Admittedly, this time of year always seems the hardest to me. With the approach of fall, although in south Florida fall isn’t really a reprieve from the brutal summer heat, it seems time begins to race toward the end of the calendar year. Halloween arrives, followed quickly by Thanksgiving, and then suddenly New Year’s is upon us. This time of year is also distinct in terms of the academic course load. Midterms seem to appear out of thin air while research papers and final exams loom in the horizon. Even the addition of daylight savings time does little to stop the feeling that when dark approaches as six o’clock there simply are not enough hours in the day.
It’s easy to feel exhausted around this time of year. I sometimes feel that I’ve spent all my creative and intellectual energy for the year and I will just have to wait until January 1st before it will be replenished. Realizing that it is only October doesn’t help matters much.
Reflecting on all that I’ve learned from the various professors who taught me these past few years , I seem to always return to my first professor and the numerous nuggets of wisdom he would dispense in each class. I wonder if he truly meant to leave such an impression on his group of first year graduate students or if he simply wanted to share all he had learned. As counselors, he would often say, we are our own tool and must constantly remain sharp. To remain sharp we must continuously assess and reassess our skills and keep up to date with the latest information in our field.
I hear from many people that when running a marathon, runners will often encounter “The Wall”. I understand this to be the figurative term for that moment when the runner can simply run no more. Having never run a marathon myself I can’t verify this statement but my own experiences with running have taught me that at some point you can’t continue. I assume this feeling of plateau extends beyond the running realm and into everyone’s lives at some point or another.
But what do you do when you plateau? Fitness and health magazines will tell us that if you plateau in your weight loss or exercise regime, adding new aspects will help overcome that feeling of being stuck. Aaron Sorkin, perhaps best known for his work on the TV series The West Wing, once said on a daytime talk show that taking a showering helped release his creative energy and allow him to write. When asked how many showers he takes in a day his reply was in the double digits.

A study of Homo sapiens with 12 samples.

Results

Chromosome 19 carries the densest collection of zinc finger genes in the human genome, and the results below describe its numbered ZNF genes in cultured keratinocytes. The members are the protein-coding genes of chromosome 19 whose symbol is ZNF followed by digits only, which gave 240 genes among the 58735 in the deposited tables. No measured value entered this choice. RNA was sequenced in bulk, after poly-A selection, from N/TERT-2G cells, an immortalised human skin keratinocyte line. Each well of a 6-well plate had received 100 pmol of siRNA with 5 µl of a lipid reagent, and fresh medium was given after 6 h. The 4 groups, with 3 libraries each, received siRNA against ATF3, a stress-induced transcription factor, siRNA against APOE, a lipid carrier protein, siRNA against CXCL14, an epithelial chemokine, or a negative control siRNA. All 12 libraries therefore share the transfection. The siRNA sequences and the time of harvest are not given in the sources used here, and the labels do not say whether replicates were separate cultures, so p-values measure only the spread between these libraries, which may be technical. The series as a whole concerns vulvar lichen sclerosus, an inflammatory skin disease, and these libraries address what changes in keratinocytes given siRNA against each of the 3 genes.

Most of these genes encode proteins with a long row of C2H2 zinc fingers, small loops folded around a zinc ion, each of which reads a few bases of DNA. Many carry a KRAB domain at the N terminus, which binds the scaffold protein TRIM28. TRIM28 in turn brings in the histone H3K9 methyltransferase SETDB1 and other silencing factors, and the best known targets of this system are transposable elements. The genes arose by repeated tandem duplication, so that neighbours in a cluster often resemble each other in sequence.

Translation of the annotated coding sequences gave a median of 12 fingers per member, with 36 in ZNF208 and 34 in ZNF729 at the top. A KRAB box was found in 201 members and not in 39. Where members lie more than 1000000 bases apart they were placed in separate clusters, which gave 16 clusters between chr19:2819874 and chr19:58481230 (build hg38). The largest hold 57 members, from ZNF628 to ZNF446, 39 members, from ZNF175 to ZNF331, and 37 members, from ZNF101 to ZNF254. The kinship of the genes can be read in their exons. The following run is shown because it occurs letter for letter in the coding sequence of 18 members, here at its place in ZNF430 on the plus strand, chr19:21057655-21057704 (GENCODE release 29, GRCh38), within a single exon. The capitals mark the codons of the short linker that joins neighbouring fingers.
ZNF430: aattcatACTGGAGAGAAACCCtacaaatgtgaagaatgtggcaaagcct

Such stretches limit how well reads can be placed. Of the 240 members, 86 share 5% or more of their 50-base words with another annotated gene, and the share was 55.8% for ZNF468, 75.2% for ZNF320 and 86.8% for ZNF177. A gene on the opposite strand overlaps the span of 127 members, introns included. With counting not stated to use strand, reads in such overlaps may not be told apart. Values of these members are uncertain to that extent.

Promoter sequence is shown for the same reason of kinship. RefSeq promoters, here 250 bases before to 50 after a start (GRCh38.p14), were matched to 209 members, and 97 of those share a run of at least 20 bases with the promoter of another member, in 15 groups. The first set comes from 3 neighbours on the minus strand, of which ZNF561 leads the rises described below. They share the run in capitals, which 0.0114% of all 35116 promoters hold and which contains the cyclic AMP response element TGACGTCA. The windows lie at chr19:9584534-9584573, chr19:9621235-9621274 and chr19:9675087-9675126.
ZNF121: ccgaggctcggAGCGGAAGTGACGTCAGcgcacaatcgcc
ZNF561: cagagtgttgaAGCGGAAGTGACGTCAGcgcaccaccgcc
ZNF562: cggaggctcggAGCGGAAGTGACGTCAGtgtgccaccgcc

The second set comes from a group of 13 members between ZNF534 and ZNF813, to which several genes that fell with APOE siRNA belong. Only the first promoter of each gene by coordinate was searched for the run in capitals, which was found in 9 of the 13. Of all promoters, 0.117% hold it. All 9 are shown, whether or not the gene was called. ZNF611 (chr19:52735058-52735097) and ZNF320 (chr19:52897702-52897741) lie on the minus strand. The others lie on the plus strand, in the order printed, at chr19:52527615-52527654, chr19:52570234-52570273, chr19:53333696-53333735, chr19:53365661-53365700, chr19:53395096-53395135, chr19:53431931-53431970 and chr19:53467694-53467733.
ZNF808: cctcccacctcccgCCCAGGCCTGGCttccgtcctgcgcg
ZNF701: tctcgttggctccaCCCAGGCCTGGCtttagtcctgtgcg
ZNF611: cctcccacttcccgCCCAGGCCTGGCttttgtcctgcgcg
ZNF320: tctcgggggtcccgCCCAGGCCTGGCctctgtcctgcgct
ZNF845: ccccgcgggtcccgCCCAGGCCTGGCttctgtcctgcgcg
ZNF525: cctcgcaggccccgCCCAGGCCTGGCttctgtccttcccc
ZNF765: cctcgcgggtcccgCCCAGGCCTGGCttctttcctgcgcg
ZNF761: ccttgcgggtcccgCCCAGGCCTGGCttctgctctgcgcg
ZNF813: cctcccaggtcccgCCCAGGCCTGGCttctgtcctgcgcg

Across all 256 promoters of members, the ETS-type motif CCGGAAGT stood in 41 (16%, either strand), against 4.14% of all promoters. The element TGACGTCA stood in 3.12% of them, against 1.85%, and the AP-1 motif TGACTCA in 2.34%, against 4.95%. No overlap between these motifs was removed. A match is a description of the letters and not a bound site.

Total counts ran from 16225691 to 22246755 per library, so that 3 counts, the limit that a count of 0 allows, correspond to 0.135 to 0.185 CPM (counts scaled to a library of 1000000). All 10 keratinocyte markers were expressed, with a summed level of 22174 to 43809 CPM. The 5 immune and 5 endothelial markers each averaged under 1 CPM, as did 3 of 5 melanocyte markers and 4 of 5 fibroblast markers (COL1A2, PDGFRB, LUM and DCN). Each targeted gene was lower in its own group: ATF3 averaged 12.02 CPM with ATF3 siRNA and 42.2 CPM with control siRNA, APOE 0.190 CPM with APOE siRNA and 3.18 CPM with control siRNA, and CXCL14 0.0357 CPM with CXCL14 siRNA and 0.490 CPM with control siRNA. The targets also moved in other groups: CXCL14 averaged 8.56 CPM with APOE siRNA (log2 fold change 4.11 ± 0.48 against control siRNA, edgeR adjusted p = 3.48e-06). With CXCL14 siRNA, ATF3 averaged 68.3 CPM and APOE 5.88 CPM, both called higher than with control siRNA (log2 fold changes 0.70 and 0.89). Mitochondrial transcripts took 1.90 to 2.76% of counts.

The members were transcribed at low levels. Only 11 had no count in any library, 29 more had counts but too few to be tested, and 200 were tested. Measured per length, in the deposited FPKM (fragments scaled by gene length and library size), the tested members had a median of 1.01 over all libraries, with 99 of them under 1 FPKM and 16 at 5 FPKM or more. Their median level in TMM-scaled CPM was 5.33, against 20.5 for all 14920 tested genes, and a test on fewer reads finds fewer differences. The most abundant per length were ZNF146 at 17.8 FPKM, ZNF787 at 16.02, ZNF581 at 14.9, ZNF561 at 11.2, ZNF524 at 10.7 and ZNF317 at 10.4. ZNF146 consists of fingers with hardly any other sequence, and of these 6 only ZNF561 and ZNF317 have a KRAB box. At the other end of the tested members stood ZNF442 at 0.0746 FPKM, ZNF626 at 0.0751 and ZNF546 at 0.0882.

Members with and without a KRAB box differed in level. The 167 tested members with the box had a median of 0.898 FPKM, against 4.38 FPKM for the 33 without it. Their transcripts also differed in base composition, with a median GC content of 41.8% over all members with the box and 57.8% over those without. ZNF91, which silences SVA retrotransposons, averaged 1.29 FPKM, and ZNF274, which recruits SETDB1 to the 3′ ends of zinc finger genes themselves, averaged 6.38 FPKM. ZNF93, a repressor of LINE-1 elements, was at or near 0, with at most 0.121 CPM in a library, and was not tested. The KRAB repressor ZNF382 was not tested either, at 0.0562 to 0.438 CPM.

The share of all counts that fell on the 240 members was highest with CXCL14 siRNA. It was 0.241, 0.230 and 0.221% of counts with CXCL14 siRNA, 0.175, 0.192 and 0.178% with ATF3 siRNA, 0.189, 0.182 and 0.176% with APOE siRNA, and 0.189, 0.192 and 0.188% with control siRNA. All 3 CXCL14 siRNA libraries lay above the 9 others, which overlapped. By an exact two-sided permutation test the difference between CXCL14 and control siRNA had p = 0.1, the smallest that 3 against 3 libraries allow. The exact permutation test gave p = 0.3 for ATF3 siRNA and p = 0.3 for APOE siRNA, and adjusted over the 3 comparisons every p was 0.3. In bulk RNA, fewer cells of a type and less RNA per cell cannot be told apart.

These are only two of probably dozens, if not more, examples of how to rejuvenate oneself and recharge. Personally, nothing spurs me into action like a deadline. Unfortunately, I feel procrastination is hardly the answer when it comes to counseling, be it in an individual counseling session or over the course of an extended career. I had the great displeasure of experiencing this first hand in another mock counseling session I conducted. After the client had given me a considerable amount of information to process and I address I merely sat there, staring at his tie while trying to formulate my response, hoping that my delay would somehow conjure the magic words I needed to say. Silence is golden but even gold can tarnish after enough time.
I now know that a simple acknowledgement, such as “That’s quite a bit of information to process. Let’s break it down.” or some variation of would have sufficed. This lesson learned will certainly help the next time I find myself plateauing in the midst of a counseling session.
Hayley Wilson is a counselor-in-training at Florida Atlantic University. Her areas of interest include military service members and PTSD, substance abuse, and coffee.